Back to the Trading Range

Back to the Trading Range

Jim Clark


Gold opened the week at $1204 to close the week on Friday, down slightly at $1191. The action in gold and silver prices this week was dominated by the strength of the dollar. With US interest rates relatively higher than those in the Eurozone, US Dollar denominated assets are attractive and Euro Quantitative Easing (money printing) adds fuel to the fire of the dollar rally.

HSBC the largest bullion bank told investors this week that they expect the $1180 support level to hold. Physical gold Demand in China has flattened with the rally in the Chinese stock market as money in China pours into the Chinese Stock Index (CSI 300). The CSI 300 is up 40% thus far in 2015. Analysts predict that this surge will not continue into the second half of the year and Chinese demand for gold will resume in the coming months. More importantly:

Sovereign Debt and the Banking Crisis in Europe

The Geek debt crisis remains unresolved and without a loan of 7 billion Euro, Greece will certainly default on next week’s payment deadline to the International Monetary Fund. Greece has been unable to negotiate a repayment deal with its creditors. Christine LaGarde, Chair of the IMF warned Friday that a default is a possibility and will almost certainly lead to a Greek exit of the European Union and the Euro. “Economic meltdown” for the Eurozone is the phrase dominating the headlines of the European financial press should Greece default. A Greek exit from the EU will send economic shockwaves throughout the economies of Europe.

The Greek finance minister, Yanis Varoufakis has said, “Our government cannot accept – and will not accept – a cure that, over a five-year period, has proved worse than the disease.” Subsequent to his comments, on Thursday, Greeks withdrew $300 million Euro in one day from their bank accounts. This is 300% of normal withdrawals.

In Spain, Banco Madrid has had its funds frozen while the government decides whether or not to bail out the bank. What does this mean for investors?

Demand for Gold

As reported in CNN Money on Thursday, demand for gold bars and coins in Germany is up 20% in the first quarter this year vs Q1 2014. With the European Central Bank embarking on the Euro QE experiment to purchase $1.3 trillion in government bonds, the Germans, despite having the strongest economy in Europe, perhaps the world, remember the hyperinflation of years past. Add to this uncertainty, the increasing tensions over the significant buildup of Russian military hardware and personnel on the border of Ukraine this week, largely unreported in the US.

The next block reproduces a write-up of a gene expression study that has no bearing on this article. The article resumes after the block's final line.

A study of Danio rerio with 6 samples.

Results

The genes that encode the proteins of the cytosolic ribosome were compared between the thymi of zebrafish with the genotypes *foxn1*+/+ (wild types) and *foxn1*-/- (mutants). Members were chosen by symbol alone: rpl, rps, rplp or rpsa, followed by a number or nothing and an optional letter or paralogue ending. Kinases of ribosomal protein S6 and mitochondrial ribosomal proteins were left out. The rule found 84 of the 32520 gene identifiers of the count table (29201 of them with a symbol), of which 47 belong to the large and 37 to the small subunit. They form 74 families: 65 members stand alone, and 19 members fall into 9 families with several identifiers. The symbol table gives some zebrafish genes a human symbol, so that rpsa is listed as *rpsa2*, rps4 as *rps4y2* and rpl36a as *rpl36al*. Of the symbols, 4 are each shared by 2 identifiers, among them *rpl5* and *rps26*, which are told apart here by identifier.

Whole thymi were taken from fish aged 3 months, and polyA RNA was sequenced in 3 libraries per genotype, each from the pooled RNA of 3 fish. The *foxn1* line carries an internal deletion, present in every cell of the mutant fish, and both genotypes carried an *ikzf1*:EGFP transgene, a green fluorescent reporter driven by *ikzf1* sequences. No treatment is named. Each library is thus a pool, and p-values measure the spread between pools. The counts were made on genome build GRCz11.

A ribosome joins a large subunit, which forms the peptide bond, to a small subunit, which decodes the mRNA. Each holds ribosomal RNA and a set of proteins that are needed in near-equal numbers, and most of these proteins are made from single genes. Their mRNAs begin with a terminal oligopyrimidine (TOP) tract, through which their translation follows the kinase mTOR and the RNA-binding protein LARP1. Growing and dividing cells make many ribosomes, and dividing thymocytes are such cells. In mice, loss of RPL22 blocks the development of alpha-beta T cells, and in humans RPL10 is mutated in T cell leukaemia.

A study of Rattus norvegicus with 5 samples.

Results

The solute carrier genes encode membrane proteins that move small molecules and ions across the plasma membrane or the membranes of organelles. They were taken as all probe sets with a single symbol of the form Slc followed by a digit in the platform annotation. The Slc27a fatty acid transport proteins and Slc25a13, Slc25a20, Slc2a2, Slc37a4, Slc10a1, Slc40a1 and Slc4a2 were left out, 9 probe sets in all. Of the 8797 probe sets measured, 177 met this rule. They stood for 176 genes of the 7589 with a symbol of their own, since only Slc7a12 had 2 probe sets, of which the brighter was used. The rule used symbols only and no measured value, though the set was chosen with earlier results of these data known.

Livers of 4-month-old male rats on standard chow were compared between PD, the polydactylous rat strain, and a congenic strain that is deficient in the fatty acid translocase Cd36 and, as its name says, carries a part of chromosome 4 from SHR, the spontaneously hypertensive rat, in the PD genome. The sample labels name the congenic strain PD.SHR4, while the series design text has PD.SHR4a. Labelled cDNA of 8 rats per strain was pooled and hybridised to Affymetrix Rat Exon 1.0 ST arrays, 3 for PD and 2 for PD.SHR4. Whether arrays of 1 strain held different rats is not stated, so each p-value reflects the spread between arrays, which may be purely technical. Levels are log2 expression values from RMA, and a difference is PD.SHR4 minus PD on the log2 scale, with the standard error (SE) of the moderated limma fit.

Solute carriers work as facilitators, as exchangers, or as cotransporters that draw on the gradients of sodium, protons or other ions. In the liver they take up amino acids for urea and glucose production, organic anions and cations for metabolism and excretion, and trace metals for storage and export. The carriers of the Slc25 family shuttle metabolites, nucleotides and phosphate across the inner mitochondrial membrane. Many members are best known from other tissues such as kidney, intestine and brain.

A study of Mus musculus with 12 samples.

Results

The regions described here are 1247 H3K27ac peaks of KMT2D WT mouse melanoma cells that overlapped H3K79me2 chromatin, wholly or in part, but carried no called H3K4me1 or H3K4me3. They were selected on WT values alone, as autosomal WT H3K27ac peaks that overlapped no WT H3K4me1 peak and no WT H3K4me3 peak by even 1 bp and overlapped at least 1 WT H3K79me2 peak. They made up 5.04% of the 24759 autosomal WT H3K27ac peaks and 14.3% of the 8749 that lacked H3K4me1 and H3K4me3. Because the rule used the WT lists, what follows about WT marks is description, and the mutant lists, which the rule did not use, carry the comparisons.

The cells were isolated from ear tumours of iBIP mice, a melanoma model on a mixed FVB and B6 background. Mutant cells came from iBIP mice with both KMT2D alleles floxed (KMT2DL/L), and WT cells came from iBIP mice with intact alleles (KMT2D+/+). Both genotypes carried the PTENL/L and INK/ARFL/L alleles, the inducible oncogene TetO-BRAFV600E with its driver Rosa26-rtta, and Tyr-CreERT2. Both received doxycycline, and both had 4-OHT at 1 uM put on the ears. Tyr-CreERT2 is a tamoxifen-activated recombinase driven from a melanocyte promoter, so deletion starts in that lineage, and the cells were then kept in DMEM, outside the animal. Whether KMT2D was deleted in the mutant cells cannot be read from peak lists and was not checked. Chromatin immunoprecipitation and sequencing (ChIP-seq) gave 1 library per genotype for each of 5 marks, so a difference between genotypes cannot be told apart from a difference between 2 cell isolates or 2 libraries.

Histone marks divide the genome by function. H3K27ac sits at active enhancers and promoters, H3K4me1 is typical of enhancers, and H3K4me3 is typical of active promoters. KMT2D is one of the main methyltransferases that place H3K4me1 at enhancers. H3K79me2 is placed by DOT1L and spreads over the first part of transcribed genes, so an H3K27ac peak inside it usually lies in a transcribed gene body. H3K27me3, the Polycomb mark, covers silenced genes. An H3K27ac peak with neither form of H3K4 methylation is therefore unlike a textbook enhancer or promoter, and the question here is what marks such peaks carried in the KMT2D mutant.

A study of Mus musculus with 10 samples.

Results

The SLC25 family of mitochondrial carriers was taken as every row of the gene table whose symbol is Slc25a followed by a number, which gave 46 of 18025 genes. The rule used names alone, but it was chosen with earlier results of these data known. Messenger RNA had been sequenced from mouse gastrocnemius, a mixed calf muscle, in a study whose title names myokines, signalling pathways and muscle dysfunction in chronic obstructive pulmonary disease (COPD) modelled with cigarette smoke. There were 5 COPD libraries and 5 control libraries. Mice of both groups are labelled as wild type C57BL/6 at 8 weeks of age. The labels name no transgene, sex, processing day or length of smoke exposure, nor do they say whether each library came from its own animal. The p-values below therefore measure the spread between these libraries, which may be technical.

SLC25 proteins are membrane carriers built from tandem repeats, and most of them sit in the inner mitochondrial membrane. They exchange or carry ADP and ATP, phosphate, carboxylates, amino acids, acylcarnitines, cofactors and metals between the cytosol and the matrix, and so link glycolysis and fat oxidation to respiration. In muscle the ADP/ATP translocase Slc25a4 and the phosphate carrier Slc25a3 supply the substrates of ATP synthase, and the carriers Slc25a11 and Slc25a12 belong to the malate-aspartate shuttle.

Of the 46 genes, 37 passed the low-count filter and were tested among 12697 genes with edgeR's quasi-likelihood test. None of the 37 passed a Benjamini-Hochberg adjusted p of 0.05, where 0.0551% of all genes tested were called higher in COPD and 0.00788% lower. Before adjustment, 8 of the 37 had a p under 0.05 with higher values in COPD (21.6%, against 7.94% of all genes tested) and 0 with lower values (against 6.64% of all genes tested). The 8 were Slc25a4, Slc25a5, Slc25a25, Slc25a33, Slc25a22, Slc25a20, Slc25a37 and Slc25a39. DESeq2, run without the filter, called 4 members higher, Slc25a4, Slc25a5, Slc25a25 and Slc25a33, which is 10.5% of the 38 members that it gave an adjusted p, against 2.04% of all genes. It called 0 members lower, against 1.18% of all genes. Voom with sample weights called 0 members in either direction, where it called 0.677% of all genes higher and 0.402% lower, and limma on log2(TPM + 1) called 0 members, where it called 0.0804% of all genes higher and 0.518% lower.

The Germans are not alone in this move to the safe haven of gold. The French, Swiss and Austrians have increased their purchases of gold in the same period by double digits as well. In fact, the World Gold Council reports that demand for gold in Europe is the highest it has been since 2011 when gold prices reached $1900.


Sovereign Debt Insanity

We all know that government deficit spending has past the point of no return world-wide and this pace of spending is accelerating. This debt will never be repaid. That is a mathematical certainty. If money printing worked to stimulate the economy, Zimbabwe would be the most prosperous nation on Earth.

I leave you with these questions to ask yourself, excerpted from Zerohedge:

  • What happens to our financial system and the price of gold when western central banks are no longer willing or able to ship gold to Asia in exchange for fiat currencies held by Russia and China?
  • What would happen if commercial banks announced they will charge you for depositing your currency in their bank?(Oops, that has already happened.)
  • What if bail-ins occur, and the banks take your deposited funds to pay off creditors, such as other banks who bought or sold derivative contracts?(If the bail-in is announced late on a Friday and the banks are closed the next week for “restructuring” you will have no opportunity to remove your currency from the bank.  In Cyprus the insiders and politically connected escaped with their funds while many other individuals and businesses discovered their accounts had been “bailed-in.”)
  • What happens if governments eventually announce that most retirement accounts and pension plans will be required to purchase continually devaluing government issued bonds?
  • What happens if trust and confidence in the financial system are lost, banks no longer trust banks, businesses no longer trust they will be paid, and individuals no longer trust their governments or the pieces of paper we call money?
  • The Fed has reduced interest rates so investors are chasing yield in all the wrong places, such as junk bonds. What happens when many of those junk bonds, which may have been stuffed into your bond mutual funds and pension plans, are priced at their true value – much less than face value?

What are the consequences? “

Prepare Now.


“I’ll be keeping a sharp eye on the market and I encourage you to do the same!”